Teaching “Profession”: Standing up for ourselves

I write this post because I recently attended a family funeral. Four of my immediate family members on teachers, and when we got together, we compared notes on what we had to do to get out of work to come to this funeral. My brother and sister lied and said the relative was their “uncle” so they could come. My sister only got half a day off, so she couldn’t make the luncheon after the funeral. My nephew, who is also a teacher, couldn’t come because the person who died wasn’t close enough, apparently, to merit a day off.

Here is the official policy from the United Federation of Teachers.

On the other hand, my in-laws, many of whom are not teachers, didn’t have a problem in getting off of work to attend the funeral. This single example got me thinking about the entire public education system and the myth of the Professional Educator.

As a teacher, I am constantly hearing other teachers complain about their jobs. Most of the complaints are institutional. The administration does this or doesn’t do that. They are not allowed certain liberties. Too much of their time is spent on things that don’t seem to really matter. Teachers are constantly under pressure to improve the American Education system. We’re on the front lines, in the trenches, doing the heavy lifting of trying to get students to care and succeed. But we are constantly told to do things that are counter-intuitive to our understanding of our work.

One example is the incredible world of standardized testing. I know that elementary teachers have it the worst because they are expected to test all of their students all of the time in every subject. Sometimes these teachers tell me how many days they spend preparing for and taking tests and it boggles my mind.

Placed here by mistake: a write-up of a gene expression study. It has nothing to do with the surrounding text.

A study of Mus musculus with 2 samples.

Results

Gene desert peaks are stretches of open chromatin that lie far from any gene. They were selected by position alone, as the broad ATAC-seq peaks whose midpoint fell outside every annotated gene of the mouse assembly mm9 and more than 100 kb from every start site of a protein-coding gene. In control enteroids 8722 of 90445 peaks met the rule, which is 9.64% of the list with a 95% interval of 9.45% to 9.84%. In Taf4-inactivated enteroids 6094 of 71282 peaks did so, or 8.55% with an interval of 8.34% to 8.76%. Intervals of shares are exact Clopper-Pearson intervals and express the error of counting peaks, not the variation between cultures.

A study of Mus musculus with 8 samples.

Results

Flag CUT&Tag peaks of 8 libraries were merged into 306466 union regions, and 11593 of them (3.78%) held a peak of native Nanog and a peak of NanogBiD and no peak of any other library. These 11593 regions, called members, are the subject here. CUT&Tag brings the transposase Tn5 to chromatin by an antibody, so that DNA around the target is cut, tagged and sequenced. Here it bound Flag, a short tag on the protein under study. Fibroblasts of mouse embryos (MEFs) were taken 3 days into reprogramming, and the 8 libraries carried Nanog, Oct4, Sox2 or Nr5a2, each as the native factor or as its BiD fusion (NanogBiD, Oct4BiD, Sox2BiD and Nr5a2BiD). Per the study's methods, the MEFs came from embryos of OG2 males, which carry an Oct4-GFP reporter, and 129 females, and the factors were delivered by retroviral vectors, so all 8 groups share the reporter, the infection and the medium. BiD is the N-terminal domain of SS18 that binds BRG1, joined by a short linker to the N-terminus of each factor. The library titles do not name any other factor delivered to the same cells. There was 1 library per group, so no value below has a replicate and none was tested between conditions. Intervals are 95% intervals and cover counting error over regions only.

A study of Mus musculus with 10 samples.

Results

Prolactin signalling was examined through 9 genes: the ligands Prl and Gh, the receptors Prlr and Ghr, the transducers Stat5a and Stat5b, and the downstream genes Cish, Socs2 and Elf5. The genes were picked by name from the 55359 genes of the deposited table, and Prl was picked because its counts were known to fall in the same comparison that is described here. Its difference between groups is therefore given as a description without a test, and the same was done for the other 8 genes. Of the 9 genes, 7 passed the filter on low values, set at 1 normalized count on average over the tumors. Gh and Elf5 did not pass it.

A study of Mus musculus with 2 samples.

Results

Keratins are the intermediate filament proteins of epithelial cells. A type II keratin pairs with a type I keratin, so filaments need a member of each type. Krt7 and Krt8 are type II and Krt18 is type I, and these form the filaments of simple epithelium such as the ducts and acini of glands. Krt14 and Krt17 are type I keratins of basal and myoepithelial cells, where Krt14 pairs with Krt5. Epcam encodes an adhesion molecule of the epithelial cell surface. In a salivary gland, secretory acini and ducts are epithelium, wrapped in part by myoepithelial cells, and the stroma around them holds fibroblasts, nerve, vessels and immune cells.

However, I am not writing this blog to complain about the world of standardized testing or to lay the blame of the education system on the system or administrators or any other factors. I am here to ask the question, why don’t teachers stand up for what they believe?

Whenever I hear a teacher complain, I ask them, “Why don’t you change it?” And most of them are honestly afraid of losing their jobs. My point is always that if WE ALL work together to make change, they can’t fire all of us.

If truly professional teachers make decisions in the best interest of their students and the classroom and the students are successful, then I don’t see how any sane system can punish us for that. The best administrator I ever had told me to “shut the door and teach.” He didn’t micromanage or question what I did in the classroom as long as my students performed well. This is when I felt like a true professional teacher. I made all of the decisions about my classroom. But most teachers don’t have this luxury.

I feel privileged to teach where I teach. I’m given quite a bit of freedom and as long as I uphold my end of the education bargain, I am left alone.

So the question is why don’t teachers have more power? If teachers in a given school or district worked together to promote healthy institutional change, I don’t see how they could fail.

So remember that we are professionals. We do have a say. We can make change.